When former Chancellor of the Exchequer, George Osborne, set out the Government’s spending plans in November 2015, it was clear that public sector executives were facing a challenging five-year period and would need to carry out some drastic changes by 2020.
With the Spending Review outlining average cuts of 19% across unprotected government departments, there were predictions that one hundred thousand public sector jobs would be shed and budgets would need to be reduced by at least one-fifth. The pressure to do more, with less, is greater than ever.
Shortly after the announcement, it became apparent that financial pressures would fall heavily on public sector IT departments. With the 2020 deadline fast approaching and economic uncertainty on the horizon, where can public sector IT departments save significant costs?
Cutting Public Sector ERP support costs
ERP systems, such as Oracle and SAP, are fundamental to the running of large organisations and make up a large part of the IT spend across various departments. For example, in 2013 alone, the UK Government spent approximately £290m on Oracle products. This level of spend led to the Cabinet Office in 2015 becoming concerned and in turn, formally asked various agencies to look at alternatives to Oracle in order to drastically reduce public spending on ERP software.
However, ERP software is deeply embedded within the public sector and simply switching vendor could be a disruption. Another significant cost for the public sector is the software and maintenance fees ERP vendors charge.
ERP support costs can consist of 22% of a customer’s license cost for the first five years. However, the true costs often increase as the product being supported ages as customers find that they need specialist in-house skills to augment the vendors support.. This is a cost which many public sector departments find themselves needlessly paying as day-to-day pressures limit their time to research, source and implement other alternatives that will deliver the same quality of support at a lower price.
Third-party support providers exist to allow organisations who run Oracle and SAP services to receive best-in-class software support and maintenance from a team of experts and are able to ensure every customer can save at least 50% on support costs.
As the public sector attempts to reduce its IT spend, many IT departments may find it difficult to find and justify the funds needed to invest in forced upgrades to their ERP software in order to continue receiving a high-level support for their systems from vendors. Third-party support can remove organisations from mandatory upgrade cycles and provide support for older versions of software that the vendors no longer support.
In a 2016 article published by TheRegister.co.uk, an unnamed Government insider said: “The spend controls sound a mess – there is more getting through but also arbitrary challenges. The problem is it sounds like those running the controls don’t have enough tech knowledge but are following tick lists, which is only further irritating departments.”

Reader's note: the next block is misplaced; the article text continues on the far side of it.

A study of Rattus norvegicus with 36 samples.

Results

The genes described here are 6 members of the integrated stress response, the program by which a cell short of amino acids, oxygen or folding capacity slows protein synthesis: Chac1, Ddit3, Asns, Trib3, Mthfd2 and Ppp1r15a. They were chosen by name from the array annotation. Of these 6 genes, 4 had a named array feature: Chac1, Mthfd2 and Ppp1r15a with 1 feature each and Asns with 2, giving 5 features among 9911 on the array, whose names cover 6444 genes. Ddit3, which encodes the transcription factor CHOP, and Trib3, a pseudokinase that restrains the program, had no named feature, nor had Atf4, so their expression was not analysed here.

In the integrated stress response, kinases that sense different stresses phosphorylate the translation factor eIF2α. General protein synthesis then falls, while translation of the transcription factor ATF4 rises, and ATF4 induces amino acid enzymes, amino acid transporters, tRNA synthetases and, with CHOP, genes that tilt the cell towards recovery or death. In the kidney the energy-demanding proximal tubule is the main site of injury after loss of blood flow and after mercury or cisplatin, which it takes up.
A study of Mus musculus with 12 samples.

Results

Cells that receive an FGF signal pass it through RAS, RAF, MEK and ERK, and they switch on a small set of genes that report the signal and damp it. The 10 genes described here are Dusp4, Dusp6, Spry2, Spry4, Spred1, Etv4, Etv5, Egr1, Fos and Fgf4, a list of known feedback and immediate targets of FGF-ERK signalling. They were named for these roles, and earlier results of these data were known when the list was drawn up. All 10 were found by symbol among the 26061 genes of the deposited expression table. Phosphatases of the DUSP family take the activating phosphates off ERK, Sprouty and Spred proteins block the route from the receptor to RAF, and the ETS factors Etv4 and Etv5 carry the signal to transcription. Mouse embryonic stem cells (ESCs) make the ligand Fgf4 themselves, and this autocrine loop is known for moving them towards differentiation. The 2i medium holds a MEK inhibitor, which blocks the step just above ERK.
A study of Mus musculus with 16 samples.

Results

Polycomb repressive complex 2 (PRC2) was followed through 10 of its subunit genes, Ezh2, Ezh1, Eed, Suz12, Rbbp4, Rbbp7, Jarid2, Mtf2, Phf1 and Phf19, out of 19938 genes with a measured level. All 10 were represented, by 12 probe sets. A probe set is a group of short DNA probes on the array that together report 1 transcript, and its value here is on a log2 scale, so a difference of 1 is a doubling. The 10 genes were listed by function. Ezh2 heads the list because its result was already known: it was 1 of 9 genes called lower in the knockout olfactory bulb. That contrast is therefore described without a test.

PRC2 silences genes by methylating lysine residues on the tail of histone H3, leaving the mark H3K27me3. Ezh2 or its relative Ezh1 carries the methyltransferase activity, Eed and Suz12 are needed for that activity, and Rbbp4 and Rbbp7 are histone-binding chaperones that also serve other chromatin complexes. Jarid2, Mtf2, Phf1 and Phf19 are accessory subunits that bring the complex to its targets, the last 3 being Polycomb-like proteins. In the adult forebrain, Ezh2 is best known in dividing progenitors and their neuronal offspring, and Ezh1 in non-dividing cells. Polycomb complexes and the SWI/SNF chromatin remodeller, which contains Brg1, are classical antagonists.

Only change what you understand
The public sector has one of the biggest and most complex IT infrastructures in the country. This depth of complexity and scale of services mean that it can often be confusing knowing what to buy and the benefits from the purchase. Software support on these infrastructures is arguably the easiest concept to understand and purchase. Therefore, switching support providers could be the most obvious part of that infrastructure to change in order to reduce IT expenditure.
The customer simply needs to record the systems they are running and ensure any service provider can provide support for the relevant systems, from a trained team with the relevant experience all of which are preferably based in the UK and security cleared, for an acceptable fee.
The simplicity of purchasing third-party support is perhaps its biggest weakness. Third-party support remains largely misunderstood by many public sector executives despite predictions from Gartner anticipating wider adoption. At the moment, executives tend to make the assumption that the appropriate level of support can only be purchased directly from the vendor and that external suppliers lack the understanding or insight to deliver the same level of service.
The public sector is changing faster than ever. Budgets are being reduced, pressure to do more with less is increasing as headcount reduces. New thinking and new ways of working are needed and while the public sector analyses and responds to the new environment it has to operate within, moving support contracts to third-party providers offers a simple step to dramatically reduce cost and maintain service for ERP systems and keep things running while a new path forward is planned.